Book Quest Impression

Book Quest starts with a good base engine, but doesn’t seem to always know what to do with it.

So you wake up one night, bleary-eyed, because a mouse is poaching your cheese. In your hunt to catch the little thief, you come across an old chest in your basement that you haven’t really looked at in years. You dig up an old book, filled with letters that don’t want to make sense, and that’s just too much for your sleep-deprived brain. Leaving it on the kitchen table, you return to bed. Shortly after, you wake up again to a red-coated ninja stealing your book, and your grandpa’s returned from the land of the dead for just long enough to tell you to get the darn thing back. The rest is up to you.

That’s the opening sequence to the aptly titled Book Quest, where the entire point is to track down the villain who’s stolen the old family tome and the inexplicable magic held within it. Whether there’s more to the story is hard to say, as I have yet to beat the first boss in spite of trying a dozen or more times.

Could anyone explain what ‘bixos’ is supposed to mean?

This game is an homage to the Zelda style of top-down action and dungeon adventure, but the implementation is spotty. The open areas of the game are overly large for the amount of monsters, secrets, and items of interest they actually contain, making wandering around a long and dull experience. In between big areas, there are occasional platforming segments that operate under different rules. The first such segment is similar to the Mario games, including gap-jumping and taking out enemies by hopping on their heads, though it can be difficult to stick the landing without taking damage. The second segment only appears to be a platformer, but is actually a beat-rhythm game — and does not inform the player of this before killing them repeatedly as they figure it out.

The hero’s weapon has a short range to its swing, and the angles don’t always seem to work. This isn’t so much an issue when there are only a few enemies in a large area with room to maneuver, but the aforementioned first boss battle is a different matter. At this early point in the game, the hero’s only doing 3 HP damage a hit, against a dragon that’s got at least 100 HP, shoots multiple fireballs in mid-air before landing in range of attack, deals damage at take-off and landing, and then summons a limitless number of tiny red dragon pups when it’s finally at half-health.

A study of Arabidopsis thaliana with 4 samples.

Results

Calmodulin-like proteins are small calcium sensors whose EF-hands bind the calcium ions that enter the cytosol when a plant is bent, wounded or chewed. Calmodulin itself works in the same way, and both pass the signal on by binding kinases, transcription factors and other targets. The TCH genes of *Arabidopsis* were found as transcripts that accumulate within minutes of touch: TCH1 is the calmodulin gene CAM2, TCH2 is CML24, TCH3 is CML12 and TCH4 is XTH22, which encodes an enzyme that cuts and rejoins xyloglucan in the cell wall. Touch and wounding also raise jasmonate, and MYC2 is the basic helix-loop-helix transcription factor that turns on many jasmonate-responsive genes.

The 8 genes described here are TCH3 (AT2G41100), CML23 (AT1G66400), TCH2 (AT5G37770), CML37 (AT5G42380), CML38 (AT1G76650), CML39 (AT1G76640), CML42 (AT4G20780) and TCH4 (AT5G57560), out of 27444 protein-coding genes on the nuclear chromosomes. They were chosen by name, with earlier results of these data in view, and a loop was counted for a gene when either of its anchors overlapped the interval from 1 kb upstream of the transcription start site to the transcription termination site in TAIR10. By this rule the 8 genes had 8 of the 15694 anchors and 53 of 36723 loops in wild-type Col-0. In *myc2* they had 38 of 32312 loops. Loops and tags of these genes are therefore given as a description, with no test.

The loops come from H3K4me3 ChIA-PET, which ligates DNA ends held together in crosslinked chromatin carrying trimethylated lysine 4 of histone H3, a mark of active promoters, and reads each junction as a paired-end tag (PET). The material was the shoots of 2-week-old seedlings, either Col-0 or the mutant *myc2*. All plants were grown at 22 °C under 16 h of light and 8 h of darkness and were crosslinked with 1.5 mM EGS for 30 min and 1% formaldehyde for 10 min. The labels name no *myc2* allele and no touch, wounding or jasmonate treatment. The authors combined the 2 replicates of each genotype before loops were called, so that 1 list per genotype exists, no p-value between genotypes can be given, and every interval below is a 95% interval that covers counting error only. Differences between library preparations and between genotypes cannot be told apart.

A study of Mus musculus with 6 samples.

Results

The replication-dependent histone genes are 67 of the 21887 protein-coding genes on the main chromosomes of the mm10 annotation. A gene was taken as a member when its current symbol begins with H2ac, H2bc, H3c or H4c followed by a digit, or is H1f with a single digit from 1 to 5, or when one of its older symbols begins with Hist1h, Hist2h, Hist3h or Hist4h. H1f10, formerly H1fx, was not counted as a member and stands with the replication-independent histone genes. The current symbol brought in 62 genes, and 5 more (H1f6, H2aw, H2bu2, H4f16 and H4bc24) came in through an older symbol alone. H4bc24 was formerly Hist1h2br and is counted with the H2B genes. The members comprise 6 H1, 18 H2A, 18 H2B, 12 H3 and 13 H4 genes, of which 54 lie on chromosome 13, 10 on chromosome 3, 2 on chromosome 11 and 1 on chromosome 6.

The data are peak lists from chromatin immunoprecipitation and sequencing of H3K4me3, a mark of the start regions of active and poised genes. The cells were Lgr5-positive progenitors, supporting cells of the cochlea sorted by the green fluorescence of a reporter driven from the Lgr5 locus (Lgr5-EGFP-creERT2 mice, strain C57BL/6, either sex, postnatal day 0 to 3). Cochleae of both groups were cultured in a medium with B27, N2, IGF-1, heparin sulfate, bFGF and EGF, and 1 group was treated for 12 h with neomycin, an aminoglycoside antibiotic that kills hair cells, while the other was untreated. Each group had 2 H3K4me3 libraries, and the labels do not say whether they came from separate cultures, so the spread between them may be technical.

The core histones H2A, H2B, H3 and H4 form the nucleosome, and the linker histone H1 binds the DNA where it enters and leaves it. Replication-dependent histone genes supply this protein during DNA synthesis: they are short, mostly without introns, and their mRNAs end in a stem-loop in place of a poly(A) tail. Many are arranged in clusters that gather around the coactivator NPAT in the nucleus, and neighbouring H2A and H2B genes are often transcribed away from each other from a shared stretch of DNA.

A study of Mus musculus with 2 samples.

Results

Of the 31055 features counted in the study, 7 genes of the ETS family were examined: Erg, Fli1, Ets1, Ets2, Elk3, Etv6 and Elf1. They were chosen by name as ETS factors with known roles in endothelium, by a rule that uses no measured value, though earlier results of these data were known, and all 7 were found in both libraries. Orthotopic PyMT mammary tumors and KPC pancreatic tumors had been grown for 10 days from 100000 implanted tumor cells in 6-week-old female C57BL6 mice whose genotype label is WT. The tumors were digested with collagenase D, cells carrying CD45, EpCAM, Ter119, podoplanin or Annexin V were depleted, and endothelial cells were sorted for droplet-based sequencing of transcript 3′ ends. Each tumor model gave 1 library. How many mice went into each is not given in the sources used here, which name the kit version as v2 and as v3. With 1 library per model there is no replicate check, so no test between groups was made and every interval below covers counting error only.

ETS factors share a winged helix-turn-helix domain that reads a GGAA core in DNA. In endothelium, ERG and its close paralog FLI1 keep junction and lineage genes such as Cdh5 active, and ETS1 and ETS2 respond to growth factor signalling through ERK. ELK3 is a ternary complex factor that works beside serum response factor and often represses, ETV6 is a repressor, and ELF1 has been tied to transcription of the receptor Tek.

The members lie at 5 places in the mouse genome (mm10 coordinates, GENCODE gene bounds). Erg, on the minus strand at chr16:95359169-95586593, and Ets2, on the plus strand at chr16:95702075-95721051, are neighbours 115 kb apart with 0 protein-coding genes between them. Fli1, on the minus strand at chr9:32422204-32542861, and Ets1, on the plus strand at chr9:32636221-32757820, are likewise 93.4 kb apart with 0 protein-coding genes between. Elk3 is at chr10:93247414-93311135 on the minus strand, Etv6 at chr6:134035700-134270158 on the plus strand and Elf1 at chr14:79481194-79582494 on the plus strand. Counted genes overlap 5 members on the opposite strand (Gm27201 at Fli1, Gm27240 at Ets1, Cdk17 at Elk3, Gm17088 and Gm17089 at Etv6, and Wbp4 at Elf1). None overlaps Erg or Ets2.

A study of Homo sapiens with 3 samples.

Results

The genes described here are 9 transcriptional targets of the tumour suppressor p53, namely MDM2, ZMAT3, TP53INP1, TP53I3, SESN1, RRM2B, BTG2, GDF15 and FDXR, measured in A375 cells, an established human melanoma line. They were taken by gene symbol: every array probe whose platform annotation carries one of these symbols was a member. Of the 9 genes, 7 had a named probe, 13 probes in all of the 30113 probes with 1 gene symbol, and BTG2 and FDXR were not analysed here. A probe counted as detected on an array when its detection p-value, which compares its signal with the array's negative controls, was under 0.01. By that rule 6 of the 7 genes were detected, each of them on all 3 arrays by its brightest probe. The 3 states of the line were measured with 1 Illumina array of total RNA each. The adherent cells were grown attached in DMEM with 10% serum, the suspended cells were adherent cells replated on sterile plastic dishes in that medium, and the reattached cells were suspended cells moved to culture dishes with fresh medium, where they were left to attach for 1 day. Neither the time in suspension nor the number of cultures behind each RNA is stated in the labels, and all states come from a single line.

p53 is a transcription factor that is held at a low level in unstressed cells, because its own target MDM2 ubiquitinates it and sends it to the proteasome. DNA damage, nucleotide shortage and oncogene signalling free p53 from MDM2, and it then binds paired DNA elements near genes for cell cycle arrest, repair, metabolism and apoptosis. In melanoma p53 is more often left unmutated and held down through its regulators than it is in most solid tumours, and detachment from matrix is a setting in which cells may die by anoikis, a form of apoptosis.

Stupid mocking red ninja…

Even with the hero’s health regeneration, it’s a tall order to land thirty-some hits upon a boss, timed in between landing and take-off to avoid heavy damage, and with a flock of over a dozen little flappy lizards constantly chasing after. And with the short swing range mentioned, it’s not possible to clear out all the little dragons before more flap on in.

As it stands, Book Quest starts with a good base engine, but doesn’t seem to always know what to do with it. The game world feels empty, the combat is swing-and-miss, and the very first boss presents a late-game level of difficulty. On top of that, the English localization reads as one step above machine translation, with odd phrasing, inconsistent verb tenses, and the occasional word that does not appear to be English. So it is with sadness that I close the book on this game and look for better-designed titles to play.


Disclosure: This article is based on a copy of the game provided by the publisher.